NA’AMAT USA President Chellie Goldwater Wilensky visits facilities in Israel.
For Israel’s most vulnerable citizens, NA’AMAT acts as a bridge to a better life. Its daycare centers, high schools, women’s centers and other programs provide critical services to children from disadvantaged backgrounds, at-risk youth, new immigrants, victims of domestic abuse and others in need.
NA’AMAT USA president Chellie Goldwater Wilensky recently had an opportunity to witness first-hand the organization’s success in helping women, children and families meet life’s challenges. While on a trip to Israel, she visited NA’AMAT daycare centers in Ashdod and Sderot. She reviewed progress on a new women’s center in Sderot, and traveled to Kanot, where she met students and teachers from a NA’AMAT youth village.
Chellie was impressed by what she saw. In particular, she cited the resilience of the citizens of Sderot, whose city, located near the Gaza Strip, has been subject to frequent missile attacks for more than 10-years. Sderot’s NA’AMAT daycare center faces unique challenges in providing for the safety of the nearly 100 children enrolled in its preschool program, more than 30 of whom are at-risk children who receive after-school care at no cost.
“I found it uplifting,” recalls Chellie. “Sderot is a dangerous place, but the daycare center is completely protected. It is made entirely out of reinforced concrete, so if a siren goes off, the children don’t have to go anywhere. They are already safe.” She adds that one room at the center is specially protected with an air filtration center to protect against gas attack.
Sderot’s new women’s center, which is being built, in part, through funding provided by NA’AMAT USA, is on the site of a former daycare center that was heavily damaged by terrorist missiles in 2014. Slated to open in June, the center will provide a variety of social programs and services for women. “There is a lot of stress in the community and women often put themselves last in line when it comes to seeking care,” Chellie says. “The new center will offer classes in nutrition, health care and empowerment. It is going to be lovely.”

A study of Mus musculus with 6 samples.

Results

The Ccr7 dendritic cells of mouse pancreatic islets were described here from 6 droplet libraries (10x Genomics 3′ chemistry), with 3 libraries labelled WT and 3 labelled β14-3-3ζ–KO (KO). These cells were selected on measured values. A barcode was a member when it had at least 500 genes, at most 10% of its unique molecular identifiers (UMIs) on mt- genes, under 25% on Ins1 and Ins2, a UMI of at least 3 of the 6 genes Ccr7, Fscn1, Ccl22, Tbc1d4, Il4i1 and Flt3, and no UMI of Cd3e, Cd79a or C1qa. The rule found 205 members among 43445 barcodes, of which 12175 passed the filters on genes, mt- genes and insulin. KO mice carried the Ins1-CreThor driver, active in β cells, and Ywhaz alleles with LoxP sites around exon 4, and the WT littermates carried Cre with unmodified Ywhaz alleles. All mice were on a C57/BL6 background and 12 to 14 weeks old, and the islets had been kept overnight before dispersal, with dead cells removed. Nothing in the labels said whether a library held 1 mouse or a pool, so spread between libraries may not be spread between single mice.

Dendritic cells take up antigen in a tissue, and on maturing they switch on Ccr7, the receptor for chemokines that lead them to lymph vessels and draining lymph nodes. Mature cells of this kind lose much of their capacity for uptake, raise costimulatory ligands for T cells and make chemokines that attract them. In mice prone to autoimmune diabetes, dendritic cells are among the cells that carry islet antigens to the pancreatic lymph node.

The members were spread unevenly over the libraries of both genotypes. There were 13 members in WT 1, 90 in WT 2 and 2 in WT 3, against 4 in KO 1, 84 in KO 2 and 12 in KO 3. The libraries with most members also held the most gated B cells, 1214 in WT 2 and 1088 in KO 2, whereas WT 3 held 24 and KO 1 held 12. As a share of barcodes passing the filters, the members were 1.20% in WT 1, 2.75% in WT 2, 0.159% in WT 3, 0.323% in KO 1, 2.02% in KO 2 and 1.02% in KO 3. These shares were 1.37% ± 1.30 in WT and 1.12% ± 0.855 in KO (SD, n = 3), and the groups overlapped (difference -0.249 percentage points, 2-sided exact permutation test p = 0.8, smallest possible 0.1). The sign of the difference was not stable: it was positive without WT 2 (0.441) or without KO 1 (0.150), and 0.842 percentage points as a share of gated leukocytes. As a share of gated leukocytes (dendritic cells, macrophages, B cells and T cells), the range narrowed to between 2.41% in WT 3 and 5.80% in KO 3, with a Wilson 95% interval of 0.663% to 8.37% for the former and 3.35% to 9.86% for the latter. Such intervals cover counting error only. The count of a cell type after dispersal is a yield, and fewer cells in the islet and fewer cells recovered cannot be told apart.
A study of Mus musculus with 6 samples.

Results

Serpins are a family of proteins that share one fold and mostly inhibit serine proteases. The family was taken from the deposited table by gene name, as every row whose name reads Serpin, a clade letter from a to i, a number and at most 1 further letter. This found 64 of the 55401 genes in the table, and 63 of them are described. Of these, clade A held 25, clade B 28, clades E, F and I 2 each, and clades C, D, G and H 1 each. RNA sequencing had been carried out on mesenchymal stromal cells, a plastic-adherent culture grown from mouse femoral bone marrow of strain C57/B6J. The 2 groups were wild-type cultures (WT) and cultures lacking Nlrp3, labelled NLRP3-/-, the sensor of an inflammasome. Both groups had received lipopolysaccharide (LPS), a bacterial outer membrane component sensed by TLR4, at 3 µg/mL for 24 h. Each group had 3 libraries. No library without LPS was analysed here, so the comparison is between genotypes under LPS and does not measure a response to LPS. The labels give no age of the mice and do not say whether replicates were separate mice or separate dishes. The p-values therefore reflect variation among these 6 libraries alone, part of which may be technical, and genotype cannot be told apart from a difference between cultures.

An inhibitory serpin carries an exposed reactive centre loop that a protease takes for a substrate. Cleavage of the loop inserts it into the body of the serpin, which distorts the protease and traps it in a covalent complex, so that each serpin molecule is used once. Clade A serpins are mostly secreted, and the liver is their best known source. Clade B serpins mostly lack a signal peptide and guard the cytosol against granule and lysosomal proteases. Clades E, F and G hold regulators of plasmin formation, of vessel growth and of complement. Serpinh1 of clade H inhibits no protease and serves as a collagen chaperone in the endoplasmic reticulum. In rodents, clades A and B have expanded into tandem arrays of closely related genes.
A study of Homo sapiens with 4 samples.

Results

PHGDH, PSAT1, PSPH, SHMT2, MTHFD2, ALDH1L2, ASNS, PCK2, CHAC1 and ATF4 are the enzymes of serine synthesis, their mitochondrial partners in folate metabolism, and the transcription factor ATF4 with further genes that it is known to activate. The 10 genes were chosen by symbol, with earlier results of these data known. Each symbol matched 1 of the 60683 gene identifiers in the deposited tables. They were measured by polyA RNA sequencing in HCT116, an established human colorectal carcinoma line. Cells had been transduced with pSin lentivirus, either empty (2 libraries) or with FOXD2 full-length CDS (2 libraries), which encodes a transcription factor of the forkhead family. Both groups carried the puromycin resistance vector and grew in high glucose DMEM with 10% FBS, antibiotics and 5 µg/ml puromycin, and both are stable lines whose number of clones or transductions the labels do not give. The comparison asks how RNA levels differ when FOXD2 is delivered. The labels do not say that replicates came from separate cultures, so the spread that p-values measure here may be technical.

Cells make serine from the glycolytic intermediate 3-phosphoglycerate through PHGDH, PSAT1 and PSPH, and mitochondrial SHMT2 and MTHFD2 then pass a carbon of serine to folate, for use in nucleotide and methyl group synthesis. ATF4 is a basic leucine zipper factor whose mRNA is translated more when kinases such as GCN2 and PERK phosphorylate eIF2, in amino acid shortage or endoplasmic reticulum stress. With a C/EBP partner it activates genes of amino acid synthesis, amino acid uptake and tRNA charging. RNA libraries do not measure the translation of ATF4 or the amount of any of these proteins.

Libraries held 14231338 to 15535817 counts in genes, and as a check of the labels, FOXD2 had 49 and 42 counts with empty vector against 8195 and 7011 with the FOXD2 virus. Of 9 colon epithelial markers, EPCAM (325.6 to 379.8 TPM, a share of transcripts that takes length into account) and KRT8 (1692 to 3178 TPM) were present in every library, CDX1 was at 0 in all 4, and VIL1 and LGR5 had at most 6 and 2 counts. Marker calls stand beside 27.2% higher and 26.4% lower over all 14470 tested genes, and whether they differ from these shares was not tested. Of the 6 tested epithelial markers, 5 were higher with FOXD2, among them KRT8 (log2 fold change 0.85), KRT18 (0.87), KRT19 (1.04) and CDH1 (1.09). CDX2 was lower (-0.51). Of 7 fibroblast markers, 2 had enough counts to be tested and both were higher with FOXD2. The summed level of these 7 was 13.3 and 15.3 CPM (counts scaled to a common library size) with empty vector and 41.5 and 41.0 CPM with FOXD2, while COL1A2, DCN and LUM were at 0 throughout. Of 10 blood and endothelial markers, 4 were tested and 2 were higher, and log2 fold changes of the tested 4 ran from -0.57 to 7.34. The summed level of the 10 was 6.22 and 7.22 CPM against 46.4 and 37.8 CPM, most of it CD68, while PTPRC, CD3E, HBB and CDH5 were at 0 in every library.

The youth village in Kanot provides high school education to some 500 students in an agricultural, boarding school environment. Many of those students previously struggled in traditional schools and are getting a second chance. Some students take part in the school’s police academy program, which prepares them for careers in military or civilian spheres. The school also operates a large stables, where students learn to care for horses.
“The school offers riding lessons to people from the community as a way to raise money, but it also provides horseback riding therapy for free,” Chellie explains. “In caring for the horses, students learn responsibility. That’s the whole purpose of the school: to help students become responsible, productive members of society, whether they choose to go on to college or pursue a trade.”
While Chellie describes the atmosphere at the school as lively and nurturing, it continues to have funding needs. Some of the dormitories are aging and in need of repair. NA’AMAT USA recently provided $50,000 for renovations at the school, an amount that was matched by the Israeli government.
It also has other ongoing needs. “The school has an excellent technology center, but computers quickly become obsolete and need to be replaced,” Chellie says. “Keeping pace with technology is essential for these students to become functioning members of society.”
Asked what moment she would most like to have shared with other NA’AMAT USA members, Chellie pointed to her visit to the daycare center in Ashdod. A class of 3-year-olds had constructed a 4-part sign to express the center’s gratitude for the support it receives. It read, “Thank You NA’AMAT USA!” “It was charming,” Chellie recalls.
“Whenever I travel to Israel and visit the centers, it reminds me why I’m a member of NA’AMAT USA,” she adds. “The time and the effort, it’s all worthwhile because the work we do in Israel is meaningful and wonderful.”